The late monarch will be buried with her most precious personal jewels

Tania Leslau
Lifestyle Writer
Updated: September 19, 2022

READ: What will happen to the Queen's precious jewels?

The late monarch owned a beautiful collection of incredibly precious jewels - one of the world's most expensive and largest archives to date. Questions have arisen surrounding the future of the jewels, many of which will remain on public display in the Tower of London. The other half are set to be passed down through the Windsor family as beloved heirlooms.


queen crown© Photo: Getty Images

The Queen owned one of the largest precious jewellery collections in the world 

HELLO! Spoke to Gemologist Alexandra Michell from Prestige Pawnbrokers of Channel 4’s Posh Pawn, who told us some of the sentimental jewels the Queen is likely to be buried in. Keep scrolling to find out more…

Wedding band

queen wedding band© Photo: Getty Images

The wedding band crafted from one piece of pure Welsh gold from the Clogau St. David's mine belonged to the Queen Mother when she married King George VI in 1923 and was then given to Elizabeth when she married Prince Philip in 1947. The Queen wore it every day and it is rumoured to be inscribed with a secret message from the late Duke of Edinburgh. The Welsh gold wedding band has been established as a royal tradition since.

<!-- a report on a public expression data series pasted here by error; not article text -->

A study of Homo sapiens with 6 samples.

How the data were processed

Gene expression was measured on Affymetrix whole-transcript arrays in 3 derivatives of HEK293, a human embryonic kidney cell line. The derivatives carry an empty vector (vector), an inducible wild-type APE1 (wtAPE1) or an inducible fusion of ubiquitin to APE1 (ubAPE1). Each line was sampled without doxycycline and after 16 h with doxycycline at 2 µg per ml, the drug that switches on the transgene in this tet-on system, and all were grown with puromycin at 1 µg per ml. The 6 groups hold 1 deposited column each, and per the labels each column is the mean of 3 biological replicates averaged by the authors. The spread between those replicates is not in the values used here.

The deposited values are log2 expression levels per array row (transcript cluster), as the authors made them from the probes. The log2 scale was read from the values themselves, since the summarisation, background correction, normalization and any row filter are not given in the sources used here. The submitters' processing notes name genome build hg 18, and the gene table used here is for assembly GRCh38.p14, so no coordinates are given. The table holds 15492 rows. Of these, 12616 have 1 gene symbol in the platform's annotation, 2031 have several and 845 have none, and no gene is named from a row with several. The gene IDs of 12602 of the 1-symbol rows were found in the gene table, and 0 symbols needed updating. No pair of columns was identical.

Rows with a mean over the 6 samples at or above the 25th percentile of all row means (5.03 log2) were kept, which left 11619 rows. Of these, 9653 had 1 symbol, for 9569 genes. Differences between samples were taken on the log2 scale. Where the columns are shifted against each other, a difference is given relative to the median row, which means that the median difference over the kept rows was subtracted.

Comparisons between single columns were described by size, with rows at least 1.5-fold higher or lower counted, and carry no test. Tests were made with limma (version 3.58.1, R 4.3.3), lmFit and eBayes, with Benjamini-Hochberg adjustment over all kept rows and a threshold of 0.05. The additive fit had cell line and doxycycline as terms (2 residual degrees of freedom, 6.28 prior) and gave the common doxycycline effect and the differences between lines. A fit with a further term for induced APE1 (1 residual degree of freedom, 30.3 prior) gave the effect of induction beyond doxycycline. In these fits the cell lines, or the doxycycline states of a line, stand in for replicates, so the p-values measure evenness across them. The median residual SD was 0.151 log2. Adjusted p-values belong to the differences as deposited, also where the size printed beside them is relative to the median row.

Pearl earrings

queen pearl earrings© Photo: Getty Images

A staple of The Queen's jewellery box, the earrings were so beloved by Her Majesty that she endeavoured to gift a pair to all the women of the Royal Family. Originally another wedding gift, these were offered to her by her grandmother Queen Mary. Their simplicity is their strength, a pearl under a single diamond can be dressed up or down and worn for many different occasions.


queen necklace© Photo: Getty Images

Her first pearl necklace consisted of a thin platinum chain for which her father King George VI gave her two pearls to add to every birthday. He then upgraded these with her first three-strand necklace, and she has worn them ever since; a beautiful reminder of the close relationship they shared until his death in 1952.

Wand of office 

queen coffin

The 'wand of office' is a symbol of the lord chamberlain, Lord Andrew Parker. The thin white staff was originally used by the lord chamberlain to reprimand people in the monarch’s court by tapping them if they were being loud or disrespectful. The last act of the service at the Queen’s committal involved the wand being broken, and then placed on the coffin before it was lowered into the royal vault.

These iconic and private pieces are truly priceless but if they ever appeared on the market, these would be estimated at £75,000, £100,000 and £250,000 respectively.

READ: The Queen's style staples will go down in fashion history

The Queen's private jewellery collection houses approximately 300 items of jewellery - including 98 brooches, 46 necklaces 34 pairs of earrings, 15 rings, 14 watches and five pendants. When they are not being worn, the collection is stored in the Queen's Gallery at Buckingham Palace.